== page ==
Fraud; Fraud Inducement; Justifiable Reliance; Damages
By: Taylor E. Anderson | Staff Writer
Plaintiff insured eight residential mortgage-backed securities (“RMBS”) transactions (“the Transactions”). Defendant and its subsidiaries supplied all or most of the loans for the transactions and was the underwriter for one of the transactions. Plaintiff alleged that Defendant fraudulently induced Plaintiff to issue the policies by misrepresenting Defendant’s mortgage origination and quality control practices, its compliance with underwriting guidelines, and the quality and characteristics of the loans backing the Transactions. Additionally, Plaintiff alleged Defendant participated in risky behavior that maximized loan approval rates but did not consider homeowner ability to repay the loans and that the various misrepresentations caused Plaintiff to suffer in the wake of the market downturn in 2008. Defendant moved to dismiss the complaint on the ground that Plaintiff failed to plead the required element of justifiable reliance.
Defendant argued that (1) Plaintiff’s failure to do its due diligence barred its claim, and (2) alternatively, Defendant moved to dismiss Plaintiff’s claim of damages because they were equivalent to rescissory damages, which are unavailable to Plaintiff under First Department precedent. In opposition, Plaintiff argued (1) New York Insurance Law § 3105 does not require proof of justifiable reliance, and (2) Plaintiff sufficiently plead justifiable reliance based on elaborate due diligence.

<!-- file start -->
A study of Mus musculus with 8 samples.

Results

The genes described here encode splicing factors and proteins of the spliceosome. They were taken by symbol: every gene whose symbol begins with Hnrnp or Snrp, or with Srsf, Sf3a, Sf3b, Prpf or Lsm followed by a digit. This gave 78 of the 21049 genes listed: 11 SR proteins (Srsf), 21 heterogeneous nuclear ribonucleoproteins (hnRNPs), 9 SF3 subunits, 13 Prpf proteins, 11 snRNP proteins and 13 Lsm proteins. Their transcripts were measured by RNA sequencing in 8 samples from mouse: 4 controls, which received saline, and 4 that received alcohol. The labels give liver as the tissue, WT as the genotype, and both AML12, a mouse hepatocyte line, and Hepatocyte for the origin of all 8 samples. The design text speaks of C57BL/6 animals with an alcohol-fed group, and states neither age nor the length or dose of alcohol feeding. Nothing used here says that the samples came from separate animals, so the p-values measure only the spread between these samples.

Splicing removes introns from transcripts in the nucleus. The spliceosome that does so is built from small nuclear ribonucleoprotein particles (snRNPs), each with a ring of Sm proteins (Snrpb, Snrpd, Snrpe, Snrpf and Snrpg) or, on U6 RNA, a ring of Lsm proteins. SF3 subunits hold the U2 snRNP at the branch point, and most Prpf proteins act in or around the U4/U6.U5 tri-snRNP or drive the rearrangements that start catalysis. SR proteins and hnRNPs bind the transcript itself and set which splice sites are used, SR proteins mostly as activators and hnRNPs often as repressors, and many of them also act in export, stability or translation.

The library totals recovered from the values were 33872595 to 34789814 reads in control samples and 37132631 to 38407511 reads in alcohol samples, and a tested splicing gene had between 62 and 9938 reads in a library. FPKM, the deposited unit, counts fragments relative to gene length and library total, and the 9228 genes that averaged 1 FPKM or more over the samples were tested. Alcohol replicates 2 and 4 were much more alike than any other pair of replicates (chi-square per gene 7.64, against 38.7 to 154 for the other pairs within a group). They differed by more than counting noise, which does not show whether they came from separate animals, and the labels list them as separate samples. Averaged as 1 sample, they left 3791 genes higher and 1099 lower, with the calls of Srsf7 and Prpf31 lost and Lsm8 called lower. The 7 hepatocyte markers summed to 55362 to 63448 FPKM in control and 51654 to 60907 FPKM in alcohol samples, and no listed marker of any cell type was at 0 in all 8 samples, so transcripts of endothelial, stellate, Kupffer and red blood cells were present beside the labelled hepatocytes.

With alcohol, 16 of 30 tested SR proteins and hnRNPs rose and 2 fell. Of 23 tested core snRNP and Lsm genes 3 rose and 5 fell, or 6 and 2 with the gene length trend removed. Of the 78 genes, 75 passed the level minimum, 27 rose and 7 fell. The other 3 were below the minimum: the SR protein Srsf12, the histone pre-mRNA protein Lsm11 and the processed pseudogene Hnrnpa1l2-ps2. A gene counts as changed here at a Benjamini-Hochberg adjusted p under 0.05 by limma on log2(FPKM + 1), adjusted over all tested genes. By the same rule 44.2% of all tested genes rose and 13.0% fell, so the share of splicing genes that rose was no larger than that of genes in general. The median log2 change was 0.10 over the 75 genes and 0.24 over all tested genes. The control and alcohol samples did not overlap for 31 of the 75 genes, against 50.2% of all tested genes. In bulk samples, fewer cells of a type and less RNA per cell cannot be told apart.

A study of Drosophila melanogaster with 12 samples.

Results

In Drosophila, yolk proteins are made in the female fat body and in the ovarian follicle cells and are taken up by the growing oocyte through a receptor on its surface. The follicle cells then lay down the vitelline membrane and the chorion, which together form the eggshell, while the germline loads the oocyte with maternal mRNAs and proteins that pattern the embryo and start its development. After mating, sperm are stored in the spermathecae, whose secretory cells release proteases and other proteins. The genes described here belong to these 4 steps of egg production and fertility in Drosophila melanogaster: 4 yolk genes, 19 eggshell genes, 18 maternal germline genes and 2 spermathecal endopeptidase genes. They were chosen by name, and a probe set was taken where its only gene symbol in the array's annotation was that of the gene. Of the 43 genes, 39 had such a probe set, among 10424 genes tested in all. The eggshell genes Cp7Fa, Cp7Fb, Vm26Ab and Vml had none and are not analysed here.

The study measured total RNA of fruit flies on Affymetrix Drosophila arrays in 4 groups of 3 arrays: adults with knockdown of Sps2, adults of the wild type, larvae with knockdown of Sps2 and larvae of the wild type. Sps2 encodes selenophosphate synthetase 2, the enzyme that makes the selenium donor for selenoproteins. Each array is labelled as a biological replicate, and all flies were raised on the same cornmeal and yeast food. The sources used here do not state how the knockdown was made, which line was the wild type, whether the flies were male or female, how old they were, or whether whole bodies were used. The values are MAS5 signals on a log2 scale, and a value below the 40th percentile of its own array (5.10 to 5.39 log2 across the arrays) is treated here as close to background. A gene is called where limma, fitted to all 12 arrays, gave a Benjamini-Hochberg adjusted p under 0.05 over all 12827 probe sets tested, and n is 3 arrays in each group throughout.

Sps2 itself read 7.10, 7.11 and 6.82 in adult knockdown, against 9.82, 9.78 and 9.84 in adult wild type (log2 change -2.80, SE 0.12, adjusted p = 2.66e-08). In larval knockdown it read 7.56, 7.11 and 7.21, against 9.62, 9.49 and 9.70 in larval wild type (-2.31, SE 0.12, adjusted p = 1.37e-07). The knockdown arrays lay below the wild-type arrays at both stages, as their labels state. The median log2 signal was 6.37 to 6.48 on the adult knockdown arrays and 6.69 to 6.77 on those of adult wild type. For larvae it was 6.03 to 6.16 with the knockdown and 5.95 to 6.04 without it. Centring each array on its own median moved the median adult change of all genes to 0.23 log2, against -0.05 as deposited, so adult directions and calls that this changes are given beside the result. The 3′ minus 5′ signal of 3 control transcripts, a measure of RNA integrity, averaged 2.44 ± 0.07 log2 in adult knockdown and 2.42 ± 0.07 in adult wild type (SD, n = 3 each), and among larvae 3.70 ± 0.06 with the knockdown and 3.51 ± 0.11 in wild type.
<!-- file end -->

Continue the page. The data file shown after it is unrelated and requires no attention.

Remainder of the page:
The Court found (1) that the issue under New York Insurance Law §3105 did not need to be decided because loss causation was adequately plead and not contested in this matter, and (2) the due diligence conducted by Plaintiff met both the higher standard applied to sophisticated parties and the ordinary standard required to plead justifiable reliance, without expressly stating which standard applied in the action. The Court focused their analysis on the due diligence claim, finding that Plaintiff sought information it was entitled to and analyzed the data extensively using their own and third party systems. However, in order to conduct this analysis Plaintiff relied on the information provided by Defendant in various documents and face-to-face meetings. The question of what constitutes reasonable reliance is generally not a question to be resolved as a matter of law and this case was not an exception. The Court found that it was for the trier of fact to determine if the Plaintiff availed itself to the means available to it given its size and sophistication through a complex analysis of several factors.
The Court therefore denied Defendant’s motion to dismiss on a finding that Plaintiff sufficiently plead justifiable reliance in order to sustain a fraud action. The Court determined that Plaintiff had a maintainable claim at the pleading stage but denied their ability to request damages of all past and future payments on the policies.
Ambac Assur. Corp. v. Countrywide Home Loans, Inc., Index No 653979/14, 12/19/2016 (Friedman, J.)